Re: [TLS] Inclusion of OCB mode in TLS 1.3

Aaron Zauner <> Sat, 24 January 2015 19:31 UTC

From: Aaron Zauner <>

Peter Gutmann wrote:
> Not necessarily.  When I did my PSK draft I added the discussion of embedded
> systems use mostly as a red herring to deal with the people who complained
> that since we already have PKI in all its infinite wonder and perfection to
> secure TLS, there's no need for anything involving shared secrets.  The
> mention of use in embedded systems was to deal with the PKI zombies, not
> embedded systems.  RFC 4279 doesn't mention embedded systems at all.
>> It would be really good to have someone doing TLS crypto in the embedded
>> world comment on this topic.
> I've got lots of TLS running in embedded systems.  I'm not aware of anything
> currently using pure PSK, it's always DHE with PSK.  To deal with lower-power
> CPUs, you use smaller DH parameters.  Even for older stuff from before it was
> ARM everywhere (with a side order of MIPS, PPC, NIOS, and whatnot everywhere),
> the standard approach was still to use smaller RSA/DH values rather than pure
> PSK.  I support non-PFS PSK, but only after all of the PFS PSK suites, so I
> doubt that ever gets used.

Thanks for your commentary and insight. I find this (personally) very
interesting. As I've pointed out in private correspondence: all the PSK
ciphersuites will stay in the document unchanged. Due to good points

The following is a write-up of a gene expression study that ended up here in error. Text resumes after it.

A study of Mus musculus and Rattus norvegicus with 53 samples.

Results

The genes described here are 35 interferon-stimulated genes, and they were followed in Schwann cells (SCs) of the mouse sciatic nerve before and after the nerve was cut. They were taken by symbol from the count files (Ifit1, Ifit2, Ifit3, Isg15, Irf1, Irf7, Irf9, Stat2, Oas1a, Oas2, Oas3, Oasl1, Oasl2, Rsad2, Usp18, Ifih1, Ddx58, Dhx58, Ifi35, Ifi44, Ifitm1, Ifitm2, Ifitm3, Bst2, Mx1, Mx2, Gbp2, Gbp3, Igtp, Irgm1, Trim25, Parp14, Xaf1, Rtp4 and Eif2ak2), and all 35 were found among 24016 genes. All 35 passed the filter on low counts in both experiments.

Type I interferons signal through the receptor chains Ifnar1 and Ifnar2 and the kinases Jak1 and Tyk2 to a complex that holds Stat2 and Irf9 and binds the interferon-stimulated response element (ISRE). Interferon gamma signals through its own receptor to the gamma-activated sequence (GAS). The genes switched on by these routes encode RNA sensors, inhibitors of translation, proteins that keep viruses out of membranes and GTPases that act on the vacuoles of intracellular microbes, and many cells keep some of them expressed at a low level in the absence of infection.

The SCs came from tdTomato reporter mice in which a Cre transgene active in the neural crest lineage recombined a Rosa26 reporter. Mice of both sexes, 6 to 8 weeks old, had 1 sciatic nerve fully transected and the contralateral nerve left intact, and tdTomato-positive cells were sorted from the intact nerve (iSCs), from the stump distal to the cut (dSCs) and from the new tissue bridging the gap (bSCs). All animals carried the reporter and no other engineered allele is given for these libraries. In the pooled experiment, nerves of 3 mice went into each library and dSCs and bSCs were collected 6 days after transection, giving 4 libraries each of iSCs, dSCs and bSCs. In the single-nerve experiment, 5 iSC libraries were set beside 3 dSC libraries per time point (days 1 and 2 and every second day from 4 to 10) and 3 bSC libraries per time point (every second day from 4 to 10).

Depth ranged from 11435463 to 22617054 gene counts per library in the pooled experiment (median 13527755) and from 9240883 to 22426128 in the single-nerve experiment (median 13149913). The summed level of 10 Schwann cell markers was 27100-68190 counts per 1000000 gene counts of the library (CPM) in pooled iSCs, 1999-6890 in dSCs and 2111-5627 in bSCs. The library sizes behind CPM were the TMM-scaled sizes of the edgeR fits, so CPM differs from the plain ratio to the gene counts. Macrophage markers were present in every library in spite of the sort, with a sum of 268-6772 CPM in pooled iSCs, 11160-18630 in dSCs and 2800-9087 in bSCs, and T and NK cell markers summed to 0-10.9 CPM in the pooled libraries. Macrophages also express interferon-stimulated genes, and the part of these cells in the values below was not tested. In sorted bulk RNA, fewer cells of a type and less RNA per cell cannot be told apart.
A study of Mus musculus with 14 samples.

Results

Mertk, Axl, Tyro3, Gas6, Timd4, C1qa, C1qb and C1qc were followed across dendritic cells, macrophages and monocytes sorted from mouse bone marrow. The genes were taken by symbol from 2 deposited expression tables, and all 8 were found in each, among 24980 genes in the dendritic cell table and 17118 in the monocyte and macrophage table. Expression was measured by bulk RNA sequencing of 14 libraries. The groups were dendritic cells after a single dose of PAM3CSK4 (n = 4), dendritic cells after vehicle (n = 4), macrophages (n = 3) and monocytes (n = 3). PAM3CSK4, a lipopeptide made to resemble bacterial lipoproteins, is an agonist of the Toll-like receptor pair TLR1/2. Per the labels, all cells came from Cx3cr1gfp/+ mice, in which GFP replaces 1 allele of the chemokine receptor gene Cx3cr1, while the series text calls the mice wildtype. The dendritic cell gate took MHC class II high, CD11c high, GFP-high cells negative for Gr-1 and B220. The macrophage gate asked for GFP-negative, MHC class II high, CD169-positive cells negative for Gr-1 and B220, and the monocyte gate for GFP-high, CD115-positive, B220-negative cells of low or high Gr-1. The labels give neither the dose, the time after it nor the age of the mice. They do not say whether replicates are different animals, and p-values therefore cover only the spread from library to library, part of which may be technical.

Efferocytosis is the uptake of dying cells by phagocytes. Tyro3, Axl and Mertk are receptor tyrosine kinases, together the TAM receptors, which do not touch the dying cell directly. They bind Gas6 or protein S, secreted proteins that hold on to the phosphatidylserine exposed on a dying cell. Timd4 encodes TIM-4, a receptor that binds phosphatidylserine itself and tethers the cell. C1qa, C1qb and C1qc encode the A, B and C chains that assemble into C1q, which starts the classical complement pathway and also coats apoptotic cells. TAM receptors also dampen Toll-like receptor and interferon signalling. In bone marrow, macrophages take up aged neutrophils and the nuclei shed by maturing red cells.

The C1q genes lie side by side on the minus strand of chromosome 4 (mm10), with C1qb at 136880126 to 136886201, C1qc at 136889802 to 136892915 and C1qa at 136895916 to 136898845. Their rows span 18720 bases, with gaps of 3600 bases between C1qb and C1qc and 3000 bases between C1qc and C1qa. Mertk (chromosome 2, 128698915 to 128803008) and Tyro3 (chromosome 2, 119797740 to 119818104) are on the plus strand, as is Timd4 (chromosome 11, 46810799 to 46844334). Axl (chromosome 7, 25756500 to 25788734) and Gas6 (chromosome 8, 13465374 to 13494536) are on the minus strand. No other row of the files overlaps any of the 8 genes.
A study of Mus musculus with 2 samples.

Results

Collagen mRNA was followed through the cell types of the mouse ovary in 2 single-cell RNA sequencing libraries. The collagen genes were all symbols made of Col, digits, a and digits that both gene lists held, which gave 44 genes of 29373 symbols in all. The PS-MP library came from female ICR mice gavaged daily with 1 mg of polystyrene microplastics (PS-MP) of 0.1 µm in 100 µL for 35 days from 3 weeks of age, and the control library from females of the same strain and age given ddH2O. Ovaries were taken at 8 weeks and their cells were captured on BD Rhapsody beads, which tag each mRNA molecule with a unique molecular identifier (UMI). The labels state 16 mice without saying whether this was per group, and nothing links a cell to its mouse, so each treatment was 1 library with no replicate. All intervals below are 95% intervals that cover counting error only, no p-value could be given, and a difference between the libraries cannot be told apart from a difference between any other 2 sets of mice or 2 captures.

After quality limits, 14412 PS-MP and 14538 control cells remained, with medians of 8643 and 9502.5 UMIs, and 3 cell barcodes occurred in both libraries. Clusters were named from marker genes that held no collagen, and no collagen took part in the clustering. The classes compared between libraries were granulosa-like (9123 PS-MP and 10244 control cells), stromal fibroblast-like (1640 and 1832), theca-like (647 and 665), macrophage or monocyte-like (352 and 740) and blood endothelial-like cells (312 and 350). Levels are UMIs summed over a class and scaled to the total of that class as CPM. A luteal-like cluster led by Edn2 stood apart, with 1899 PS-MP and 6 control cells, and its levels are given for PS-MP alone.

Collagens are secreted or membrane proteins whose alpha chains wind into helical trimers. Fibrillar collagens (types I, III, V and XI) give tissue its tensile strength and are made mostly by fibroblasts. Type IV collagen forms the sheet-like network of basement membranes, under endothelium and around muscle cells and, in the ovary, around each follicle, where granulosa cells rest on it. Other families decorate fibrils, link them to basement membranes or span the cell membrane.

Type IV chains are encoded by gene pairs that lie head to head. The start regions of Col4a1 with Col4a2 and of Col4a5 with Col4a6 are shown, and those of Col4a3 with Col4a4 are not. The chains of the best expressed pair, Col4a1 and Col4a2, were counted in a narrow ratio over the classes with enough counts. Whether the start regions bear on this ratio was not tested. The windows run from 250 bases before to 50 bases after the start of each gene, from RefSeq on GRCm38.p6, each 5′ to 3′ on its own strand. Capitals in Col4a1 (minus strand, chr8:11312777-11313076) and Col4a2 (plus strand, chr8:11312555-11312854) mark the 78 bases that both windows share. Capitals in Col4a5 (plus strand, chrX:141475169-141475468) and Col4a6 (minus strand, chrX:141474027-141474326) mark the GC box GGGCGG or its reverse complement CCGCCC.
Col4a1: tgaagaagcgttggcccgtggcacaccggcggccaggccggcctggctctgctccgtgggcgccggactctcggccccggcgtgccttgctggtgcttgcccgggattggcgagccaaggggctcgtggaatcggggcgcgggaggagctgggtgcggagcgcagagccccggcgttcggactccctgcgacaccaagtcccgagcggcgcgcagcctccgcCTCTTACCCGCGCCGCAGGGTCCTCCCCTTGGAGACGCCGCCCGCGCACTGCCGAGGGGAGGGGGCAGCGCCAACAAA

being raised during the discussion for them not to be removed.

> At a pinch you can even do DHE-RSA in an embedded device, you just memcpy()
> out a pre-encoded certificate chain that's generated on install so you don't
> have to have any certificate-processing code present.  Problem is that (a)
> this doesn't give you mutual auth and (b) more importantly certificates
> inherently don't work with embedded devices which can't be identified or
> provisioned in any manner that's expected for certificates.  At best you can
> hardcode in a fixed certificate with a meaningless identifier and infinite
> lifetime at system build time, but that's just going through the motions of
> using certs.

That's a nice trick but as you point out pretty useless in terms of a
PKI. Although I'm pretty sure some vendors will ship uniform client
certificates on devices; that /really/ should not be recommended anywhere :)

I've still gotten no feedback if SRP will still be supported with TLS
1.3. I really think SRP is a valuable protocol but rarely used. I have
not included SRP ciphersuites in my ID so far.